May 10, 2004
Beating the house
The History Channel has run and will run again a documentary called Breaking Vegas, based on a book called Bringing Down the House about a group of MIT students who learned card-counting techniques and won a ton of money at the casinos. I'm gonna have to set the TiVo to record the next showing of this, not because there's anything revolutionary to me about card counting but because I'd like to know how they kept house security from figuring out who they were and what they were doing. I mean, casinos have known about card counters for years and won the right to bar them in 1981. These guys apparently got caught some of the time, according to that Chron story, but not often enough to prevent them from raking in a tidy sum. I want to know how they did it.
I have to say, my favorite story about beating the casinos is chronicled in a book called The Eudaemonic Pie, and it involves a bunch of counterculture engineers who figured out a way to beat roulette by creating a mathematical model to predict roughly where the ball would land, designing and building tiny computers which were kept in their shoes to do the math at the roulette table, and working out a system where one player did the work and signalled another how to bet. Bear in mind, all of this was done in the late 70s/early 80s, well before the micro revolution. It's pretty damn amazing.
Posted by Charles Kuffner on May 10, 2004 to Technology, science, and math
Watch it - it's a fascinating story. Playboy did a nice article on the same group last year and gave a lot of the operational details.
Short version: they were teams, each team member having a particular job. Some bet, some didn't. One member was a counter, one watched for security, three bet using diffferent styles. They had a series of codewords and phrases to communicate (commenting on the weather might mean the deck is face card rich).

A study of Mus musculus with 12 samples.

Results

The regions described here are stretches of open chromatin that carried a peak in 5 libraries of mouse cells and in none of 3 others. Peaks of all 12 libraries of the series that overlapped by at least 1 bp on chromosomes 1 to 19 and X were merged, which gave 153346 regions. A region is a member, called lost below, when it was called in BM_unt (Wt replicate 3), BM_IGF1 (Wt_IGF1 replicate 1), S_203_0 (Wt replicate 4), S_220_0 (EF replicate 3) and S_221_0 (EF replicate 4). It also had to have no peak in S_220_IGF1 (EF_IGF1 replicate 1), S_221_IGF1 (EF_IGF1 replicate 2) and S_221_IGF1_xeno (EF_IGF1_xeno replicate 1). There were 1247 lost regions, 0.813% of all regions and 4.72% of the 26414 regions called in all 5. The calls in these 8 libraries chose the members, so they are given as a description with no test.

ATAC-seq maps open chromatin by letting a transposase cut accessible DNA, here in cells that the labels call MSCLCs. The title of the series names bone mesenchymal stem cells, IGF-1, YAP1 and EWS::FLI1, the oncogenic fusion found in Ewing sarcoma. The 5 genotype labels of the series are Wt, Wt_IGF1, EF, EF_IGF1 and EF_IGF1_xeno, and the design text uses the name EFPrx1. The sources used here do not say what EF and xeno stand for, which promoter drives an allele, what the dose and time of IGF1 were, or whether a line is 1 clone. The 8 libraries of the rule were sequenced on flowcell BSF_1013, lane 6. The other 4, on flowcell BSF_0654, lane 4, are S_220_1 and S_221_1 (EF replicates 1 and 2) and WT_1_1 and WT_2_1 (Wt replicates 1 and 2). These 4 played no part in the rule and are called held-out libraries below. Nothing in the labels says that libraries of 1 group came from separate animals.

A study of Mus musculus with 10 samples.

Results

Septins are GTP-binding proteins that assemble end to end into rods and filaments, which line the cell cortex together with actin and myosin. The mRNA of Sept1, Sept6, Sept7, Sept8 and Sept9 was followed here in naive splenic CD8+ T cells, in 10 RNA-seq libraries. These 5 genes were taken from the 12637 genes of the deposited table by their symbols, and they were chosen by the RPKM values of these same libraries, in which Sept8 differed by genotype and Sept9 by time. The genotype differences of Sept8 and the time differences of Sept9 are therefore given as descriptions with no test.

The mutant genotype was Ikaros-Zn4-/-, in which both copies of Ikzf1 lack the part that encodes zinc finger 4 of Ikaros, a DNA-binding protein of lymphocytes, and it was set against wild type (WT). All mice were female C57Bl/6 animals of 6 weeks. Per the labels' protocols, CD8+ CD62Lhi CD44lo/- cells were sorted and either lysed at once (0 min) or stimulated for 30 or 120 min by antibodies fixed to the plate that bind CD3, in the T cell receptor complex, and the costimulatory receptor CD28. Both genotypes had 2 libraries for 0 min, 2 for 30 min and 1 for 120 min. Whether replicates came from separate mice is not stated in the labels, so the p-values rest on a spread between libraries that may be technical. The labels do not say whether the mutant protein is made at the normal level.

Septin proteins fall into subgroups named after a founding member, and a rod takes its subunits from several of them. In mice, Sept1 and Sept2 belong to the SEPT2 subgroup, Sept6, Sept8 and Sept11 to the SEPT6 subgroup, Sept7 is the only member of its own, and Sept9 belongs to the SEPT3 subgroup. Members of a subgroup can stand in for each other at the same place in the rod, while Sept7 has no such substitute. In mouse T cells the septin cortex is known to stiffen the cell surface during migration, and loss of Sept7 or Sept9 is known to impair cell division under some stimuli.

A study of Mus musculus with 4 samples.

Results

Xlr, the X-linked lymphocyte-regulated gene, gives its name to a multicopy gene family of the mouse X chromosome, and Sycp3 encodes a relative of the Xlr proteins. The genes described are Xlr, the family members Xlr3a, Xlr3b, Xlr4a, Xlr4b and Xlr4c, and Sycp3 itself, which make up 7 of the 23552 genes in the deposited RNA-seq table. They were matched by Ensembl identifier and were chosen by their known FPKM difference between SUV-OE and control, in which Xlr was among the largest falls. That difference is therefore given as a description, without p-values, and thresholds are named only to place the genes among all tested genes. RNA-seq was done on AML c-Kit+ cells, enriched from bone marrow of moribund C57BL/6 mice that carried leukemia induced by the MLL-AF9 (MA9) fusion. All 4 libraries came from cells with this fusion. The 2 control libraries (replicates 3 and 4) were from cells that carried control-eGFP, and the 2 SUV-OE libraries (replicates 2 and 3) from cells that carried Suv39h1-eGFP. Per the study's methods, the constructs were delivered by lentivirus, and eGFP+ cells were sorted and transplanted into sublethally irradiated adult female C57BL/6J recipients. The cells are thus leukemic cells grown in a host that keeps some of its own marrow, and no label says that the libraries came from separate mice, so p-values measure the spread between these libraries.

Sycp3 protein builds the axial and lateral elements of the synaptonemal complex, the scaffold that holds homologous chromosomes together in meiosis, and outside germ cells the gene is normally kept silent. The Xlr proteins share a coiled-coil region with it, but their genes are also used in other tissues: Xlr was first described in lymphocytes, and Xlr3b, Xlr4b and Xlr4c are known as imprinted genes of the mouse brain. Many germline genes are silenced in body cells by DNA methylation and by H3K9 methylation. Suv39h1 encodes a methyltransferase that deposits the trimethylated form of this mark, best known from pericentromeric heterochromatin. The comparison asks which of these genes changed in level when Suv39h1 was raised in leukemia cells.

A late friend of mine was a counter and good at it. Never got caught but 5 deck shoes put him out of business.
I read some of the book, and Charles is right. Vegas catches the good card counters (they welcome the bad ones) by watching their betting patterns. Card counters bet in a very precise way.
So the MIT team had the people actually doing the card counting play the same bet, hand after hand. Other members of the team would change their bets, but would move from table to table to avoid the regular patterns (IE, they wouldn't be changing their bet size, but rather floating between tables with the same bet).
It was pretty complex and effective as hell. The people doing the card counting never changed bets, so no one looked at them twice. The people making all the money were floating from table to table, hitting them when they were ripe, and then moving on when they started losing (as high rollers sometimes do. Who wants an "unlucky" table?). Other players would change their bet, but in such a way as to look like they were "reacting" to the floaters big wins.
If I remember correctly, they got caught because several teams were all spotted together at a tennis match. Considering they were acting, in the casino, as if they didn't know each other and were from different places and walks of life....
It made security suspicious, and once they knew who to look for, they were able to work out who was doing what. Still, the MIT kids made a ton...
Thanks for the correction on the process. The role playing was one of the more interesting aspects of the story.
Incidentally, once you are marked as a counter, you are history, at least in Vegas. You will not be permitted in a casino. I think Vegas and Atlantic City now swap blacklists.
Charles, if you liked The Eudaemonic Pie (which is great fun) you may be interested in another book by the same writer and again starring Doyne Farmer and Norm Packard called... ummm... The Predictors, in which a bunch of counterculture engineers and nonlinear physicists get handed ridiculous amounts of money and computing power by Wall Street in an attempt to revolutionize quantitative analysis. Here's a review.
One interesting note on the story is that the kids didn't play just for themselves. They had venture capitalists who would fund them from a quarter million on up for trips. Most of them are now blacklisted across the country, Atlantic City included.
Interesting interview with the link. The idea that they don't let smart people play is one of the major reasons I hate casinos. There was a REALLY bad mob-comedy movie years ago called Mafia! and at one point the narrative from the main character says "The smart ones would just walk in, give us their money, and leave."
True, except for the smart ones who don't go in at all ;)
I watched the show on the discovery network and was fascinated. I would love to get my greedy hands on a copy of the book but before I do, do any of you know if the book tells you how to count the cards? Or, is it the story of who?what?where?why? and how they did it?